Campbell’s brings the Cantina to Montreal

The brand brings its pop-up soup kitchen to a new city to carry the message behind its "We All Soup" platform.


Pictured: Chef Antonio Park at the recently opened “La Cantine par Campbell’s” in Montreal.

Any Montrealers who were envious of the free Campbell’s soup Torontonians got to sample last winter can rejoice, as the brand has brought its pop-up to the city just in time for the cold weather’s return.

In February, Campbell’s launched The Cantina in Toronto’s Queen Street West neighbourhood, serving free soup recipes by Toronto chef Matt Dean Pettit and inspired by Campbell’s products for three weeks.

Starting this week in Montreal, the brand has set up “La Cantine par Campbell’s” for people to try one of four recipes by Antonio Park, the chef behind Montreal’s Park Restaurant and Lavanderia and a judge on Chopped Canada. All of the recipes focus on “fusion” and combine two culturally different but well-loved dishes: Chicken Tortilla Daikon Soup, Creamy Tomato Hot and Sour Soup, Vegetarian Miso Mushroom Soup and Vegetarian Tom Yum Pho Soup.

161117_CAPITALIMAGE_Campbell's_WEB_RUSH_028Similar to Toronto, visitors eat at a large communal table with other visitors and take the recipe home for themselves, but Melissa Mendoza, senior brand manager at Campbell Company of Canada, says one of the key differences is that “La Cantine” has been tailored to better fit the local market. In addition to enlisting the services of a local chef in Park, a different Montreal artist will visit the pop-up every week for the four weeks it is open to create their own artistic interpretation of the iconic red-and-white Campbell’s soup can. Each work of art will be put up for auction, with the proceeds going to a local charity.

The other charitable element that has been added to the execution is that for every tweet with the hashtag “#LeMondeEstSoupe” (“#WeAllSoup”), Campbell’s will donate a can of soup to Moisson Montreal food bank.

In addition, Campbell’s has set up a specialty Cantina booth at the Christmas Market in Toronto’s Distillery District. While not a full “Cantina” set-up, the booth will serve Park’s recipes in a smaller setting that’s more appropriate for the Market, which brought in 550,000 shoppers looking for hand-made and artisinal gifts and products last year.

Campbell’s worked with Diamond Integrated Marketing to bring La Cantine to life in Montreal and Chalkboard for the Christmas Market booth in Toronto. Environics is handling PR for both executions. There is a small social buy to promote La Cantine, but, much like last year, the brand is relying heavily on word-of-mouth to get people to visit.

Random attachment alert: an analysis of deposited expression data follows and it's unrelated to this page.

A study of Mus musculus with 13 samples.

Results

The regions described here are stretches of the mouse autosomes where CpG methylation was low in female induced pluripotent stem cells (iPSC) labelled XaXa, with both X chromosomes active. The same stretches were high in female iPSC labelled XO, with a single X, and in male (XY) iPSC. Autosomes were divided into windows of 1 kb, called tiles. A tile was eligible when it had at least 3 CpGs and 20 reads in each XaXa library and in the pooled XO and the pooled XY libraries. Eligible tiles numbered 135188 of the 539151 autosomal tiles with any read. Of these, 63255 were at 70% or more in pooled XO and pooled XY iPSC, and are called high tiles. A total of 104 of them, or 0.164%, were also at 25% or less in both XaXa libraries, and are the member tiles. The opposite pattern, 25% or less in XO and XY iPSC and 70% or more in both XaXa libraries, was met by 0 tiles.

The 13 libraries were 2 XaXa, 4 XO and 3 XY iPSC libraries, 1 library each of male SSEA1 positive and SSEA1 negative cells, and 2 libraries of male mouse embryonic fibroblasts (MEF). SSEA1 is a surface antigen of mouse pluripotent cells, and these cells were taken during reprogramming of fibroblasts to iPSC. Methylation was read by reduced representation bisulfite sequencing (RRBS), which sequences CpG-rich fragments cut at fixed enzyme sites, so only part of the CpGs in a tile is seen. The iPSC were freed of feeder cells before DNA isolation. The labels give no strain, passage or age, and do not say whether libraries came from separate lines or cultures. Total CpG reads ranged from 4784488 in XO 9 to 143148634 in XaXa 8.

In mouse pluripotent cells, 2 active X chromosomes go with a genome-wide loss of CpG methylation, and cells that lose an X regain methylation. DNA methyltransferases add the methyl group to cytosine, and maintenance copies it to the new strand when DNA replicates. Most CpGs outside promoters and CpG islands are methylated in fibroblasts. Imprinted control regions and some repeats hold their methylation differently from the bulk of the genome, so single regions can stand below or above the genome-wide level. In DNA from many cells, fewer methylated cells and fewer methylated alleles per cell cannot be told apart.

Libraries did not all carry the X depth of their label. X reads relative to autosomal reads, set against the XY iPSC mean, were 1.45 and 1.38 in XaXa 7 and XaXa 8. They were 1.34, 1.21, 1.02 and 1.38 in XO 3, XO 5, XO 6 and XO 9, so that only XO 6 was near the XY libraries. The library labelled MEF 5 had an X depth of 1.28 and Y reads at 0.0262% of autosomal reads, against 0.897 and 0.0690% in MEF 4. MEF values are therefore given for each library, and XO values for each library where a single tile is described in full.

Mendoza says that in addition to a great deal of positive feedback on social media, the company wanted to expand the program because of sales results it saw in February. Sales at stores close to the Toronto Cantina grew faster than the rest of the market, especially when it came to products that were featured in its recipes.

161117_CAPITALIMAGE_Campbell's_WEB_RUSH_024“One of the objectives we had was to shift perspectives of the Campbell’s brand, particularly among millennials, who were our core target,” Mendoza says. “We did research that suggested that it did move the needle in addition to what we saw on social. It ended up being a great way to drive two-way engagement and bring our ‘We All Soup’ to life in a physical activation. It is the best opportunity we have to connect and drive that level of engagement we are looking for.”

The primary objective of the original Cantina, which is continuing in Montreal, was to provide an on-the-ground presence for its “We All Soup” brand platform and prove the message behind it – that soup can be a unifying force – by allowing people to experience it for themselves in person.

“The insight is that the world pulls us apart and we tend to focus on what makes us different, and Campbell’s believes in the power of individuality, but also the strength of belonging and bringing people together on their common ground,” Mendzoa says. “We feel like we can own that because there’s soup in every country and culture. That really resonates with consumers and we communicated that in a big way through video, but to bring it to life on the ground and give people a chance to experience it physically is particularly powerful.”